Who? Carla Jimenez and Maryann Ferenc, co-founders of the Tampa Independent Business Alliance.
Sphere of influence: Jimenez, owner of Inkwood Books, and Ferenc, owner of the Mise en Place restaurant, formed TIBA in 2004 to connect local, independent business in Tampa and market the benefits of shopping independently to area residents; since then, 150 establishments have joined. Ferenc also sits on the boards of Tampa Bay & Company (a local tourism organization), Tampa Downtown Partnership and Creative Tampa Bay. Jimenez is a board member of the American Independent Business Alliance, a national umbrella organization promoting independents.
How they make a difference: Through TIBA, Jimenez and Ferenc fight against the homogenization of Tampa. They organize two major outreach campaigns -- Independents Week in July and America Unchained in November -- to raise awareness. They also push the importance of investing in independents to city officials and tourism boards. Recently, they've networked with businesses in Sarasota and St. Petersburg to assist them in starting their own Independent Business Alliances.
CL: How has the state of Tampa Bay independent businesses changed since you founded TIBA?
Ferenc: This issue is on the short list of a lot of other people. It's even on the list of the development community, in that you'll see that some of our most successful developers are the ones who are addressing this "sense of place" issue. They need to build their communities in a way to involve the community and create this sense of place, because that's what real urban living is about.
It's on the minds of people from a commercial perspective, and it's on the short list of Creative Tampa Bay and Tampa Bay & Company, because they need to promote what's unique about Tampa -- the personalities and businesses that create our cultural texture. The Downtown Partnership sees independents as the first ones that will come downtown, and indeed that's true.
Even in the Riverwalk committee, they're talking about making a proposal to open businesses along the Riverwalk. Well, the people they're going to turn to is independents. So, they reach out to our organization to float some of their ideas, to see what's realistic. So I think that is the biggest thing that has changed.
Jimenez: I think at the same time it's in the popular culture, the whole idea of localism. ... It's really about protecting and keeping authentic what makes your place your place. What keeps Tampa, Tampa. From my perspective, the best selling nonfiction books of the year are things like Omnivore's Dilemma by Michael Pollan. There's the proliferation of things like farmer's markets. There's a study I just heard quoted recently that when you go to a farmer's market you have 20 interactions with people. You have actual relationships. When you go to a big supermarket, you might have two, more likely to have one.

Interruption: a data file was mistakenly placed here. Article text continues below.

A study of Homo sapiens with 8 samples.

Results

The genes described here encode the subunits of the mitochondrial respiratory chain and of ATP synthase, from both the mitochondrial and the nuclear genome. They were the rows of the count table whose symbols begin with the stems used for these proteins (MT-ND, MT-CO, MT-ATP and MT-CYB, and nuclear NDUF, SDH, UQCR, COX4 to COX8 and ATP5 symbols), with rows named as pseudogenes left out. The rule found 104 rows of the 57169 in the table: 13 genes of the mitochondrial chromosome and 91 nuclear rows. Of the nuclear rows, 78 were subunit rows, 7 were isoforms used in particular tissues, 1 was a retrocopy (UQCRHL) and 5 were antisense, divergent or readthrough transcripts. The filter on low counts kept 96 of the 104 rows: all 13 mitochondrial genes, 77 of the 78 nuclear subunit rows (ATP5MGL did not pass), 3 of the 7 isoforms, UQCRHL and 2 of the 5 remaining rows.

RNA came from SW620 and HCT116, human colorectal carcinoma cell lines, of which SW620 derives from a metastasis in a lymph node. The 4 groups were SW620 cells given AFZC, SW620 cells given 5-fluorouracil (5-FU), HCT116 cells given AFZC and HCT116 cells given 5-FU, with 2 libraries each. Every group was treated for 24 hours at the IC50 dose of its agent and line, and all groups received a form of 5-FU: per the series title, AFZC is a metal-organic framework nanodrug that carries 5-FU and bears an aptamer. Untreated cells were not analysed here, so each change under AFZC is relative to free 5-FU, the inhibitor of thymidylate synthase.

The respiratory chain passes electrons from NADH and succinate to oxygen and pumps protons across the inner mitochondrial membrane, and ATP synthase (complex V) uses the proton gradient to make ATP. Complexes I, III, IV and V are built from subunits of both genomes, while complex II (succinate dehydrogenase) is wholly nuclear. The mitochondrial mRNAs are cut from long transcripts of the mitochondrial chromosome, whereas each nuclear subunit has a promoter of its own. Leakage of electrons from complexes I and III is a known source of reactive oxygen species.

Even on the state level, the state tourism authorities have campaigned on small-town Florida, keeping that authentic and making that a tourist attraction. I think popular culture and the powers-that-be see this as something to pay attention to.
Is it harder to shop at local, independent businesses today than it was four years ago?
Ferenc: I don't think so. I think the local movement has done two things. I think it's kept some people around that might, otherwise, not have been. And I think it has given energy to some entrepreneurs who said, "I'm going to go ahead and do this. I'm going to open my store." I will say that you don't have the same hardware options that you used to.
What is the biggest misconception about independent businesses?
Ferenc: I think it's probably the consumer conception that it costs more at an independent, that chains are cheaper. And that it's not just a little bit [more expensive], but a big difference.
Jimenez: There are studies left and right that have poked holes in that. There was a Consumer Reports study that showed the cost of prescription drugs in independent pharmacies tends to be less than national chains. I think that's something people would be surprised to know about. ... I think that books like the Big Box Swindle really show -- not only on the individual or family basis, but in the terms of the cost to the community, in terms of the tax subsidies and special considerations into bringing in some outside business -- if that money was spent locally with local independent businesses, it would be much better for the long run.
Ferenc: It's a hard message to get across to people as you walk down the aisle of a big box or chain store, and they've really delivered that message home to you, in a bunch of different ways, that they're cheap. They've claimed it so much, you don't even look to prove it anymore. You now accept it. So that's where you think you're going to have to go to spend your dollar in the best way. I think that misconception is hard to battle.